Hey there, time traveller!
This article was published 9/5/2010 (2403 days ago), so information in it may no longer be current.
A disturbing inflation of grades at universities has occurred in lockstep with higher-education-for-everyone policies pursued by governments.
As a result, when students receive an A or a B, there are few ways to discern whether they actually earned it. High grades are often little more than empty letters included -- and expected -- with the price of tuition.
Grade inflation -- the concentration of grades at the high end of the grading scale -- has been a growing concern among professors and administrators since the early 1970s.
After publishing their 2007 book, Ivory Tower Blues, which addressed a litany of problems with the education system, including grade inflation, James Côté and Anton Allahar, decided to keep their research up to date through their website.
In a recent posting, they outlined the trend towards inflated grades at Western.
Côté and Allahar discovered that between 1974-75 and 2008-2009, the proportion of first-year students earning As and Bs increased between 10 and 20 per cent, while there was a 10 per cent increase across all years.
Their "mini-study" is supported by a 2000 paper that appeared in the journal Canadian Public Policy. It found a comparable shift at seven different universities.
Similarly, between 2002 and 2005, a University of Lethbridge task force on grading reviewed the available data for mostly Canadian and American universities and concluded that grades are converging at the top end of the scale.
There is some dispute about whether grade inflation reflects an erosion of standards. It might be the case that students are simply better prepared today than they were a generation ago.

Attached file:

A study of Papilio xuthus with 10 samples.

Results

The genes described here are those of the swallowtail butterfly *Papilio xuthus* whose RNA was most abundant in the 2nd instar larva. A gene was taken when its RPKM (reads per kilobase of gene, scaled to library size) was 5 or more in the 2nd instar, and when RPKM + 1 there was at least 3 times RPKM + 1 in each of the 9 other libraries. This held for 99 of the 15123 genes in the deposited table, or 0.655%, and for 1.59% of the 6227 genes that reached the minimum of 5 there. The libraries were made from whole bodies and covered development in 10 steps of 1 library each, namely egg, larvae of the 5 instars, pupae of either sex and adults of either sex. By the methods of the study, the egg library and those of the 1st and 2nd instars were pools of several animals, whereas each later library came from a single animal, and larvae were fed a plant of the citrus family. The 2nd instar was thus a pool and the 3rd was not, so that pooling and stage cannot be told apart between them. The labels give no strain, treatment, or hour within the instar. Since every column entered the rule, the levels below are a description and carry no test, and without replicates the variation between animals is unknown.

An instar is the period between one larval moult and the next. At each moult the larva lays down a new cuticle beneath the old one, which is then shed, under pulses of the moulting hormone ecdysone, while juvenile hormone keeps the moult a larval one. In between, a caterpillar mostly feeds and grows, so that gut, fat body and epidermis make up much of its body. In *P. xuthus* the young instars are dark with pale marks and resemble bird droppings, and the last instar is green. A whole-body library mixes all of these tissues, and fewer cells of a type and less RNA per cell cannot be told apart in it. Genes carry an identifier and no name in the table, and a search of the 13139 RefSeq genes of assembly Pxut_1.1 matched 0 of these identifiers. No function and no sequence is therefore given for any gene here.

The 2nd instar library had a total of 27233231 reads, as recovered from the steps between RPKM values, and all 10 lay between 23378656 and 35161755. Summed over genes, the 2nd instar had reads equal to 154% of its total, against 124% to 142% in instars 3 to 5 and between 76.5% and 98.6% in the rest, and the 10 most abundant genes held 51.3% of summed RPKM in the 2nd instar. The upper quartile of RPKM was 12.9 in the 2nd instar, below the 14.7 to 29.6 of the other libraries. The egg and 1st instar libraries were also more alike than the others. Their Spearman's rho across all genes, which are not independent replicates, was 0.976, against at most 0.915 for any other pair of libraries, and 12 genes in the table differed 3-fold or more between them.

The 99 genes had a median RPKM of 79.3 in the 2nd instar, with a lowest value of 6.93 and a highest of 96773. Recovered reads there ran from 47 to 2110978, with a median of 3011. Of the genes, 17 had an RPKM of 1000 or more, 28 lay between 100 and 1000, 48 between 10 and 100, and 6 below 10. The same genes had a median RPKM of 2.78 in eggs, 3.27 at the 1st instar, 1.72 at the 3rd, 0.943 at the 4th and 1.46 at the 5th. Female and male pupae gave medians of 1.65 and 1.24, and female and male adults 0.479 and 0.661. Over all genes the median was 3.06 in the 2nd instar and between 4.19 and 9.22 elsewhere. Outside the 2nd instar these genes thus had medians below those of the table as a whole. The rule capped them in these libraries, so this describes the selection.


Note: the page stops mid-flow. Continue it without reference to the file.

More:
However, even if students are better prepared (a tenuous proposition) it is not clear why that should matter. Grades indicate what a student has accomplished in terms of demonstrated ability, but they are also highly dependent on the rest of the cohort. That is, grades are often relative measures.
The grade students earn in any given course will measure their ability in and of themselves but also their ability compared to others. If everyone in a class gets an A, that sends the signal that they are all above average, an impossible outcome.
As Côté and Allahar put it, "even in a hypothetical class of geniuses, there will still be average geniuses."
At Western, grade inflation is almost entirely attributable to a policy change in the late 90s that saw departmental funding tied to enrolment. In order for departments to compete with one another, grading practices were slackened.
Perhaps the most important driver of grade inflation is pressure from students. Such pressure is not new. When professional schools, like law, began requiring undergraduate study as a prerequisite for admission near the beginning of the 20th century, there was an upward push on grades.
But the scale of grade inflation today is peculiar to the past four decades.
This is sometimes blamed on a market mentality that views the customer as always right, but it is not that straightforward. To blame grade inflation on a customer-service mentality assumes that universities have a say in whom they serve.
Instead, in exchange for public funding, universities have largely had to tolerate admission practices that ensure higher education is broadly available, with little regard for the academic ability of applicants.
Because so many students view university not as a place of intellectual inquiry, but as a necessary evil required for entry into the workforce, and because of both implicit and explicit expectations of governments, the cause of grade inflation becomes easily apparent.
And this is why it cannot be easily reversed. Some schools, however, notably Princeton University, have had some success in getting control of grades by implementing policies to ensure the distribution is normalized.
To address the problem across the system as whole, we might have more luck if we just abolish grading altogether. When everyone is an A student no one is.
Carson Jerema is editor of Maclean's On Campus.